As he dropped into his armchair near the fire his eyes rested on a large photograph of May Welland, which the young girl had given him in the first days of their romance, and which had now displaced all the other portraits on the table. 

With a new sense of awe he looked at the frank forehead, serious eyes and gay innocent mouth of the young creature whose soul's custodian he was to be. That terrifying product of the social system he belonged to and believed in, the young girl who knew nothing and expected everything, looked back at him like a stranger through May Welland's familiar features; and once more it was borne in on him that marriage was not the safe anchorage he had been taught to think, but a voyage on uncharted seas.

And then in the second half the thing accelerated, and I understood that I had delivered my imagination to an artist  who was in such command that it felt like she could do anything. I don't mean to trivialize the work, but The Age of Innocence is athletic and heroic to me--like watching Jordan in the flu game. All the weapons are brought to bear--humor, economy of words, tragedy, rhythm, timing. It's all assembled and what I am left with is some of the most romantic writing I've ever beheld:

Four months had passed since the midsummer day that he and Madame Olenska had spent together; and since then he had not seen her. He knew that she had returned to Washington, to the little house which she and Medora Manson had taken there: he had written to her once--a few words, asking when they were to meet again--and she had even more briefly replied: "Not yet."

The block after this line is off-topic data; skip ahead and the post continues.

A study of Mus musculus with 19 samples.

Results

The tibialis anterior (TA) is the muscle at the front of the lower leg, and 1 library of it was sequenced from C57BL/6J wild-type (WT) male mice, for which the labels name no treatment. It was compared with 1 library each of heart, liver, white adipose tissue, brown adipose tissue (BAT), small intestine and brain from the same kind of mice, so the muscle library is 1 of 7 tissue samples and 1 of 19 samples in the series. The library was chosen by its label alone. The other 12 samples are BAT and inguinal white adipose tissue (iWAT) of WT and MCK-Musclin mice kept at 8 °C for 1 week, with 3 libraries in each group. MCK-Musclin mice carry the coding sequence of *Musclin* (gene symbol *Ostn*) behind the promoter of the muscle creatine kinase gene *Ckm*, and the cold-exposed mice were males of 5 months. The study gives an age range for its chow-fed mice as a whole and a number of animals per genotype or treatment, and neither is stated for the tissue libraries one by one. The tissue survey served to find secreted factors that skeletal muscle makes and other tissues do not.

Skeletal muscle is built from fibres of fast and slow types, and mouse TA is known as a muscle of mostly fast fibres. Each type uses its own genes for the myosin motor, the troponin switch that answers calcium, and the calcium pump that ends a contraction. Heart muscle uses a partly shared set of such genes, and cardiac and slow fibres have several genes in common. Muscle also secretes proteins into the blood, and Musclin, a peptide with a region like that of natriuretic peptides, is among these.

Since then there had been no farther communication between them, and he had built up within himself a kind of sanctuary in which she throned among his secret thoughts and longings. Little by little it became the scene of his real life, of his only rational activities; thither he brought the books he read, the ideas and feelings which nourished him, his judgments and his visions. 

Outside it, in the scene of his actual life, he moved with a growing sense of unreality and insufficiency, blundering against familiar prejudices and traditional points of view as an absent-minded man goes on bumping into the furniture of his own room. Absent--that was what he was: so absent from everything most densely real and near to those about him that it sometimes startled him to find they still imagined he was there.

There is very little physical contact in this book. And that lack of contact makes every page smolder. The bodice never rips. Kisses are generally reserved for hands. And we are left with the intense eroticism of our unrequited imagination. 

And it's subversive. This is a deconstruction of the bounded society presumably from the perspective of its most privileged member--a rich white male. As most of you know, I've tried to move past hierarchy as the sole way to understand freedom and individuals. It's something to see that angle executed by a master.

The relationship to The Great Gatsby is striking to me.